A woman walks past an estate agent in London.
A woman walks past an estate agent in London. Copyright Kin Cheung/Copyright 2022 The AP. All rights reserved
Copyright Kin Cheung/Copyright 2022 The AP. All rights reserved
By Euronews


Nationwide said that UK house prices rose by 0.2% in monthly terms and were 1.5% higher than in June last year.

Britain's housing market boomed during the coronavirus pandemic but it has slowed after the Bank of England pushed interest rates last year to their highest level since 2008.

Prices as measured by Nationwide are around 3% lower than their record high two years ago.

Housing market activity remains fairly subdued

Commenting on the figures, Robert Gardner, Nationwide's chief economist, said: "Housing market activity has been broadly flat over the last year, with the total number of transactions down by around 15% compared with 2019 levels. Transactions involving a mortgage are down even more (nearly 25%), reflecting the impact of higher borrowing costs.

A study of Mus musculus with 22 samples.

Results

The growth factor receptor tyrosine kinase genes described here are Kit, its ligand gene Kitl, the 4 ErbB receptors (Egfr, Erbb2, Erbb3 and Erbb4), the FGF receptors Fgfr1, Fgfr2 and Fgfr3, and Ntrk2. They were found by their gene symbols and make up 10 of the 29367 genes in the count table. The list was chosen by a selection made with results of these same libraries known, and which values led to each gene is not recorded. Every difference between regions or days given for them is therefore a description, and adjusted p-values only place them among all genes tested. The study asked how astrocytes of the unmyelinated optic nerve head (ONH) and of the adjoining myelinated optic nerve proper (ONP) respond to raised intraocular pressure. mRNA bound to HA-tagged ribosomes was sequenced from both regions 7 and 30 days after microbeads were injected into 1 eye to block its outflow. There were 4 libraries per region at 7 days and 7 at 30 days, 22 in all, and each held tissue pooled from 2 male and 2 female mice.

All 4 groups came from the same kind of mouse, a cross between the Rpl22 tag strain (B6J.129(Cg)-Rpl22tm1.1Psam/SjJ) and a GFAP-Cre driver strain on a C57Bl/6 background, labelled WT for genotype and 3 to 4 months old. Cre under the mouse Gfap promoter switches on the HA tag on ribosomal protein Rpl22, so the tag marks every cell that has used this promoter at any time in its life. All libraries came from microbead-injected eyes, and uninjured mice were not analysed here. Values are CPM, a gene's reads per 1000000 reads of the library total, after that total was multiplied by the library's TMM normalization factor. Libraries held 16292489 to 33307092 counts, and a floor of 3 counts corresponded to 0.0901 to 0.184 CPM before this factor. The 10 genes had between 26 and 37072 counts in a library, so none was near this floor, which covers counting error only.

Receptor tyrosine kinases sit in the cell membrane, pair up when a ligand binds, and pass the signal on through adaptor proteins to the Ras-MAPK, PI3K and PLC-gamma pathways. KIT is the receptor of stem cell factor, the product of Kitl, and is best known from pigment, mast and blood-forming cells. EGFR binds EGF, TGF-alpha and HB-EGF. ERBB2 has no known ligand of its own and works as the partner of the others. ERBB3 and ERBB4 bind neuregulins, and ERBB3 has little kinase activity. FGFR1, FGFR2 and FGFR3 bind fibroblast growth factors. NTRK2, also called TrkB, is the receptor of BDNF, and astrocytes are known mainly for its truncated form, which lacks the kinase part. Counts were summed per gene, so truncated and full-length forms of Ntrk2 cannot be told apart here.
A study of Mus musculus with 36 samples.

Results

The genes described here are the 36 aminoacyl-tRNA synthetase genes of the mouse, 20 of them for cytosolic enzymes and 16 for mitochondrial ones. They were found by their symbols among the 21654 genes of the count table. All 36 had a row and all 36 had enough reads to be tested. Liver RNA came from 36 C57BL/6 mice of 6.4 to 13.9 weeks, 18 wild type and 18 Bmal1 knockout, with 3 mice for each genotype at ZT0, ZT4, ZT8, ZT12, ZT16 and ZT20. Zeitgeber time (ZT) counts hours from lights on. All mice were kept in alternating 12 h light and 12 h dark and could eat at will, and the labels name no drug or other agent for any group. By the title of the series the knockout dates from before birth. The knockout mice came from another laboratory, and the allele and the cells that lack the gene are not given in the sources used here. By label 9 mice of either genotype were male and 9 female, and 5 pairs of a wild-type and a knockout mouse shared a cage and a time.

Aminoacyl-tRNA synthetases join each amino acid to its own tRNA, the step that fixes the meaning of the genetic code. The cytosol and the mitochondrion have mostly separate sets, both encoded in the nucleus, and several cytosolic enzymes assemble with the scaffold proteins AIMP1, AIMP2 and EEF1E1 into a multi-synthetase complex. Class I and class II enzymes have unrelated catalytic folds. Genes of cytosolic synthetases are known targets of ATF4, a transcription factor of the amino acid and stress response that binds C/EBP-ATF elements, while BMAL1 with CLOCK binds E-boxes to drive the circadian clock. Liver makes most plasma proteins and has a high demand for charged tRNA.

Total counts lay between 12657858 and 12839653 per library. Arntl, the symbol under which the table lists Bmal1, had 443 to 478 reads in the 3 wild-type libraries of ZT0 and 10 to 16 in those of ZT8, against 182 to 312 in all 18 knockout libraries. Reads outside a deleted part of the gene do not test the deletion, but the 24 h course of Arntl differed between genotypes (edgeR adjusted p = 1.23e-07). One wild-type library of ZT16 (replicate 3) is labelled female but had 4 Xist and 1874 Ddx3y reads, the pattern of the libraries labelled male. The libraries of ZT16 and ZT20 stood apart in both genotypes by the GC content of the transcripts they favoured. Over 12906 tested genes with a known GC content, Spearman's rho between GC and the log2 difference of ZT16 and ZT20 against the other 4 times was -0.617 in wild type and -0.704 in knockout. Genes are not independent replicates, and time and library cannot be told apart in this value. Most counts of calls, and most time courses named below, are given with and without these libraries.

"While earnings growth has been much stronger than house price growth in recent years, this hasn't been enough to offset the impact of higher mortgage rates, which are still well above the record lows prevailing in 2021 in the wake of the pandemic. For example, the interest rate on a five-year fixed rate mortgage for a borrower with a 25% deposit was 1.3% in late 2021, but in recent months this has been nearer to 4.7%.

He added: "As a result, housing affordability is still stretched. Today, a borrower earning the average UK income buying a typical first-time buyer property with a 20% deposit would have a monthly mortgage payment equivalent to 37% of take-home pay."

Mixed picture amongst the regions in Q2 2024

The picture varied across UK regions with some regions seeing a modest pick up in growth, but others still recording annual price declines.

Northern Ireland remained the best performing area, with prices up 4.1% compared with Q2 2023. Across England overall, prices were up 0.6% compared with Q2 2023, while Wales and Scotland both saw a 1.4% year-on-year rise.  Northern England (comprising North, North West, Yorkshire & The Humber, East Midlands and West Midlands), continued to outperform southern England, with prices up 2.4% year-on-year.

Southern England (South West, Outer South East, Outer Metropolitan, London and East Anglia) saw a 0.3% year-on-year fall.

London remained the best performing southern region with annual price growth maintained at 1.6%, while East Anglia was the weakest performing region, with prices down 1.8% year-on-year.